The relatives of Henrietta Lacks, a Black woman whose cells were taken without her knowledge decades ago without her consent have reached a confidential settlement with the biotechnology company Thermo Fisher Scientific.
The success of the legal case may lead to more complaints seeking compensation for the use and to gain control over Lacks’ cells. Her “HeLa” cells were the first in the world capable of replicating outside the body.
Attorneys for the family announced the agreement at a news conference in Baltimore on Tuesday, July 31, which coincides with what would have been Lacks’ 103rd birthday.
“The parties are pleased that they were able to find a way to resolve this matter outside of Court and will have no further comment about the settlement,” said civil rights attorney Benjamin Crump in a statement.
Lacks’ relatives filed the lawsuit two years ago, exactly 70 years after the day Lacks died. Thermo Fisher Scientific previously had argued that the descendants waited too long to take legal action and claimed that many other companies globally also use HeLa cells without explicit consent.
Henrietta Lacks underwent cervical cancer treatment in 1951 but died a few months after diagnosis. Her cells were later discovered to regenerate outside the body, and they have been instrumental in developing polio and COVID-19 vaccines, as well as the world’s most common fertility treatment.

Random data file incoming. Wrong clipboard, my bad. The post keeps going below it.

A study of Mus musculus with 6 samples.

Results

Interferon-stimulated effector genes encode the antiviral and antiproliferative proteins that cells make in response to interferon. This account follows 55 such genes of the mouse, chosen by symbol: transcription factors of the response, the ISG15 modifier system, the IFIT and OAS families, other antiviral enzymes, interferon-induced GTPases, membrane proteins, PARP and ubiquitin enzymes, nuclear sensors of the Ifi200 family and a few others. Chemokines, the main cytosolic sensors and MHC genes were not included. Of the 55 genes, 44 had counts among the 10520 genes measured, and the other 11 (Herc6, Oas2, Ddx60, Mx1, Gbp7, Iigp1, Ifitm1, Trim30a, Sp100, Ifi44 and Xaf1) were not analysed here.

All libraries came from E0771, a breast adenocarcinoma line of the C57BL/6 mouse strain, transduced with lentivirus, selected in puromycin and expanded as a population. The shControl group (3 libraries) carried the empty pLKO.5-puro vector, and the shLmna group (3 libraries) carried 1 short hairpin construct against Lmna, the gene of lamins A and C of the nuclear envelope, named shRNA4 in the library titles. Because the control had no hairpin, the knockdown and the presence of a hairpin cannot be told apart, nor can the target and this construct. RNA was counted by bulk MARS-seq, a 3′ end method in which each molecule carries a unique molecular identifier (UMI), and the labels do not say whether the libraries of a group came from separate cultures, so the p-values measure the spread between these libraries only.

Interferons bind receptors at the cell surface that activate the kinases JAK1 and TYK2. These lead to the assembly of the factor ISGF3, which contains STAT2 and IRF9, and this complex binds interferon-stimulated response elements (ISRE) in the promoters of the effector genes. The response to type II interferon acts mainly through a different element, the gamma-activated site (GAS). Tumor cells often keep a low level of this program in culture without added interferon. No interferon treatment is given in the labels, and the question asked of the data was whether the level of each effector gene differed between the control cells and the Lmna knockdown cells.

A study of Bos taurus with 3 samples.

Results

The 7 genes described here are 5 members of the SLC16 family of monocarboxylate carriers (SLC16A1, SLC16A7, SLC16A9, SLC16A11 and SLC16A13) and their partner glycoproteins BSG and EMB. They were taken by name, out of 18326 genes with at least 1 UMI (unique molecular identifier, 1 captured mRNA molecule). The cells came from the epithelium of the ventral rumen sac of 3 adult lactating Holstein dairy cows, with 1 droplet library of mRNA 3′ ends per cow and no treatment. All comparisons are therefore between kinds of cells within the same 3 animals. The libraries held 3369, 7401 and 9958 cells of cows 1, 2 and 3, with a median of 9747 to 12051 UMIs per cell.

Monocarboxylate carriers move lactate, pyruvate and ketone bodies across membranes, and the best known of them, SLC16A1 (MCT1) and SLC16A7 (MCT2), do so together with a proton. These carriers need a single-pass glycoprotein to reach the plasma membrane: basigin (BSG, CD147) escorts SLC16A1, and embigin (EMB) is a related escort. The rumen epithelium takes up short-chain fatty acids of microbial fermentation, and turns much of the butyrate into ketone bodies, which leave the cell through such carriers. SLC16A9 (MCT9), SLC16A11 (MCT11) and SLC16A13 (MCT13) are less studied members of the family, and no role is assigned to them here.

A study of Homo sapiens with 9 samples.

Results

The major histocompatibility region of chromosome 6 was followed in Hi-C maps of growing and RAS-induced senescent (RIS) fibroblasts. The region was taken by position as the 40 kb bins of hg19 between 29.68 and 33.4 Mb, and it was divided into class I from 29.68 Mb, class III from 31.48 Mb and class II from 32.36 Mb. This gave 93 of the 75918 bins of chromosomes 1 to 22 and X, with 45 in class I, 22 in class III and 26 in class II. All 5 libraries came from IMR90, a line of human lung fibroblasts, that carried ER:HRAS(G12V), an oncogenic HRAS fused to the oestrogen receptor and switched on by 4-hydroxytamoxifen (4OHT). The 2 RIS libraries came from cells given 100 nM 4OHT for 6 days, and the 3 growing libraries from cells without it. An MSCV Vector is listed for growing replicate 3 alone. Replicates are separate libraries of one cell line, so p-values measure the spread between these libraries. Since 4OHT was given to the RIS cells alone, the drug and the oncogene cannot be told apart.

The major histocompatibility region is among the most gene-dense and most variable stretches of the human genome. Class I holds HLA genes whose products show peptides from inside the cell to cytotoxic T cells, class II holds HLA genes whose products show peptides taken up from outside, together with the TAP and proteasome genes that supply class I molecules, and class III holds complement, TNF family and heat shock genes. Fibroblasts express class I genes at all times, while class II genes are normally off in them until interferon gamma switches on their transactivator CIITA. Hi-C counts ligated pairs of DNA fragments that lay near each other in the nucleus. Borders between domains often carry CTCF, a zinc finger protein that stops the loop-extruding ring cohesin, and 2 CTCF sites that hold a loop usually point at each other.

In their lawsuit, Lacks’ grandchildren and other descendants highlighted her treatment as a significant example of ongoing medical racism that persists to this day.
“The American pharmaceutical community has a shameful history of profiting off research at the expense of Black people without their knowledge, consent, or benefit, leading to mass profits for pharmaceutical companies from our illnesses and our very bodies,” Crump said. “There is no clearer example of this than Henrietta Lacks and the seemingly endless manipulation of her genetic material.”
Last week, a bill to award the Congressional Gold Medal posthumously to Lacks was introduced by U.S. Sen. Chris Van Hollen and U.S. Sen. Ben Cardin, both Democrats from Maryland.
In a statement announcing the bill, Hollen acknowledged that Lacks profoundly influenced modern medicine.
“It is long past time that we recognize her life-saving contributions to the world,” he said.